687 Outpatient Dialysis Event Surveillance: A Report from the National Healthcare Safety Network, 2007-2008

Saturday, March 20, 2010: 2:15 PM
Regency VI-VII (Hyatt Regency Atlanta)
Priti Patel, MD, MPH , Centers for Disease Control and Prevention, Baltimore, MD
Alexander Kallen, MD, MPH , Centers for Disease Control and Prevention, Atlanta, GA
Jonathan Edwards, MS , Centers for Disease Control and Prevention, Atlanta, GA
Teresa Horan, MPH , Centers for Disease Control and Prevention, Atlanta, GA


More than 340,000 persons in the United States receive outpatient hemodialysis for end-stage renal disease. Bloodstream infections (BSI) cause substantial morbidity and mortality in this population. National quality improvement efforts have focused on increasing fistula use (goal: ≥ 66% prevalence) and reducing long-term central venous catheter (CVC) use (goal: < 10% prevalence) to improve hemodialysis patient outcomes. The National Healthcare Safety Network (NHSN) collects information on BSI and other adverse events among dialysis patients.


Characterize dialysis event rates and vascular access use among chronic hemodialysis patients


Dialysis event surveillance data reported to NHSN from outpatient facilities during 2007-2008 were analyzed. Numerator data are based on event reports made for patients who had a positive blood culture (i.e., BSI), received outpatient intravenous (IV) antibiotics, or had an overnight hospitalization for any cause. The reported number of patients treated in a facility on the first 2 days of the month (monthly patient census) was used as the denominator and the vascular access distribution of these patients was determined. Pooled mean rates and 95% confidence intervals were stratified by vascular access type and calculated per 100 patient-months. Medians were compared using the Wilcoxon rank sum test.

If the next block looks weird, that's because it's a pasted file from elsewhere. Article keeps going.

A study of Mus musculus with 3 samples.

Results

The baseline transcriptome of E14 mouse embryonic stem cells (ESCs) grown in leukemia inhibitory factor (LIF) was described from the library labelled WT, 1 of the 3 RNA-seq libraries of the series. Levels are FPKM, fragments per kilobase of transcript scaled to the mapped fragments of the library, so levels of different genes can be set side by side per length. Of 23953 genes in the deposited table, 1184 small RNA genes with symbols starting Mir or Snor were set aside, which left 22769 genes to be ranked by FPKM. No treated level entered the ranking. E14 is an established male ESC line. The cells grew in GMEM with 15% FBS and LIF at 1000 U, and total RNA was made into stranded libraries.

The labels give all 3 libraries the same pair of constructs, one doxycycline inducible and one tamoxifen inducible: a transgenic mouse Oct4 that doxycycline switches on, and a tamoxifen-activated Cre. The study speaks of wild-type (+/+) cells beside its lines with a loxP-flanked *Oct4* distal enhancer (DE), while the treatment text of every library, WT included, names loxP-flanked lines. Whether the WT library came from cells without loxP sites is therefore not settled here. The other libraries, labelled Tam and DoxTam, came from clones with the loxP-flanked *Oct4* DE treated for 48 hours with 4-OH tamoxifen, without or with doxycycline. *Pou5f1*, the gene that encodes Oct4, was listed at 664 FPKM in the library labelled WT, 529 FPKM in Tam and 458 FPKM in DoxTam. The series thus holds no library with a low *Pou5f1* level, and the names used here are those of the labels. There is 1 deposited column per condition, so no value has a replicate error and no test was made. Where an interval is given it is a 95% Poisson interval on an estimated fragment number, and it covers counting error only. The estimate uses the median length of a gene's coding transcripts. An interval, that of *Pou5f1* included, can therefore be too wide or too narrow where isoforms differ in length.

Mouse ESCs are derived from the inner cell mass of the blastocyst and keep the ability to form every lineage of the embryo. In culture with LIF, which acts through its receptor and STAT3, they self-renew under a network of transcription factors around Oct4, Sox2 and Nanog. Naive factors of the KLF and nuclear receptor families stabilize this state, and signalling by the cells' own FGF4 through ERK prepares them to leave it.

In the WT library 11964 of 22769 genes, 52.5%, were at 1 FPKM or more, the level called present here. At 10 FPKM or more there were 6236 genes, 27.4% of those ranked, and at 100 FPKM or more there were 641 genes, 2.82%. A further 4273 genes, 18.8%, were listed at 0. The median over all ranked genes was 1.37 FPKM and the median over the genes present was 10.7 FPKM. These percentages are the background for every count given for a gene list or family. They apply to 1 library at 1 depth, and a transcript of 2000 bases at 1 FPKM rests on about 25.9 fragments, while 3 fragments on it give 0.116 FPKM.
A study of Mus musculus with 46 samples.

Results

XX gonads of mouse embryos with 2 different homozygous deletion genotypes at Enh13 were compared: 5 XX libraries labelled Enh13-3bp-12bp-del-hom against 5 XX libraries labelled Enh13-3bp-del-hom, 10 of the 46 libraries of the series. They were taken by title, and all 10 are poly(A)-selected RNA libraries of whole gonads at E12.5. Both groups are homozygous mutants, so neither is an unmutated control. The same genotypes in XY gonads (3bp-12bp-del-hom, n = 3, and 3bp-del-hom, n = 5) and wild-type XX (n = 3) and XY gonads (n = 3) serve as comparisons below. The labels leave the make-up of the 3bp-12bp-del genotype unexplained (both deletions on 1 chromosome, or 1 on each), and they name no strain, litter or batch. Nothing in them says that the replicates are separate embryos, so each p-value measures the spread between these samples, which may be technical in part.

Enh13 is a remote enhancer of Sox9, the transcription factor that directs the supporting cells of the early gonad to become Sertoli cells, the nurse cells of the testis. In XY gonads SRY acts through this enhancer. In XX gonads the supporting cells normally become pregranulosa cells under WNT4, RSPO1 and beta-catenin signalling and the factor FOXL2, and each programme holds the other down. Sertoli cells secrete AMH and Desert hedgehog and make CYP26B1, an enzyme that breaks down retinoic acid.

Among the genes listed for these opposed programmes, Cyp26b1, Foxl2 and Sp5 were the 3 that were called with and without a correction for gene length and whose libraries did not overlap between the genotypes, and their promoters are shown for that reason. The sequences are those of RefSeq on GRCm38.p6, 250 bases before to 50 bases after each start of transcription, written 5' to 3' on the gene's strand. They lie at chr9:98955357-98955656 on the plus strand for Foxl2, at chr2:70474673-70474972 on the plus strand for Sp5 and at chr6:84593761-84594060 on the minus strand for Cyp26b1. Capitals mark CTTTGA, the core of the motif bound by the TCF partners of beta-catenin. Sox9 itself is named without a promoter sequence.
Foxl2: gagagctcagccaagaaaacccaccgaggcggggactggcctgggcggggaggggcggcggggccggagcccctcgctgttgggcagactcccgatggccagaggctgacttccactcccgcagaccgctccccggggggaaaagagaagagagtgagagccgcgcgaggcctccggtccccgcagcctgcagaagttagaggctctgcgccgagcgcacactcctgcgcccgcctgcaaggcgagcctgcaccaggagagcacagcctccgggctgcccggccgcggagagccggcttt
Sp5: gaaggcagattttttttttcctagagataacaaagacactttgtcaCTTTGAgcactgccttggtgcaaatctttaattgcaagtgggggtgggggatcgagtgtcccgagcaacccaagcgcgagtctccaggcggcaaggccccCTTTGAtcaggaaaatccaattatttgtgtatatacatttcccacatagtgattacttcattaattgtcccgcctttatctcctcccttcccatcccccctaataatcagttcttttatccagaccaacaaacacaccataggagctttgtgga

A total of 49 outpatient dialysis facilities reported 10,193 events among 66,694 patient-months during 2007-2008. Twenty-six (53%) facilities were based in, or affiliated with an acute-care hospital; the median average monthly census was 54 (range 15 - 348). The pooled mean rates of BSI, IV antibiotic starts, and hospitalizations were highest among patients with CVCs and lowest for those with fistulas (Table). Median facility vascular access use was 48.1% for fistulas and 34.8% for permanent CVCs, with substantial inter-facility variation. Although duration of CVC use could not be determined, all facilities had > 10% average prevalence of permanent CVCs. Compared to other facilities, hospital-affiliated outpatient facilities had lower median fistula use (45.9% vs. 51.7%; p=0.10) and higher permanent CVC use (37.7% vs. 27.7%; p=0.02). Vancomycin was used in 75.9% of 2989 IV antibiotic starts reported. Of 1593 BSIs reported, 70.4% occurred among patients with a CVC.


Rates of adverse events continue to be highest among dialysis patients with CVCs, and these patients contributed most to the overall burden of BSIs. Dedicated efforts are needed, in both hospital-based and other dialysis facilities, to reduce catheter use and prevent infections among hemodialysis patients who are catheter-dependent.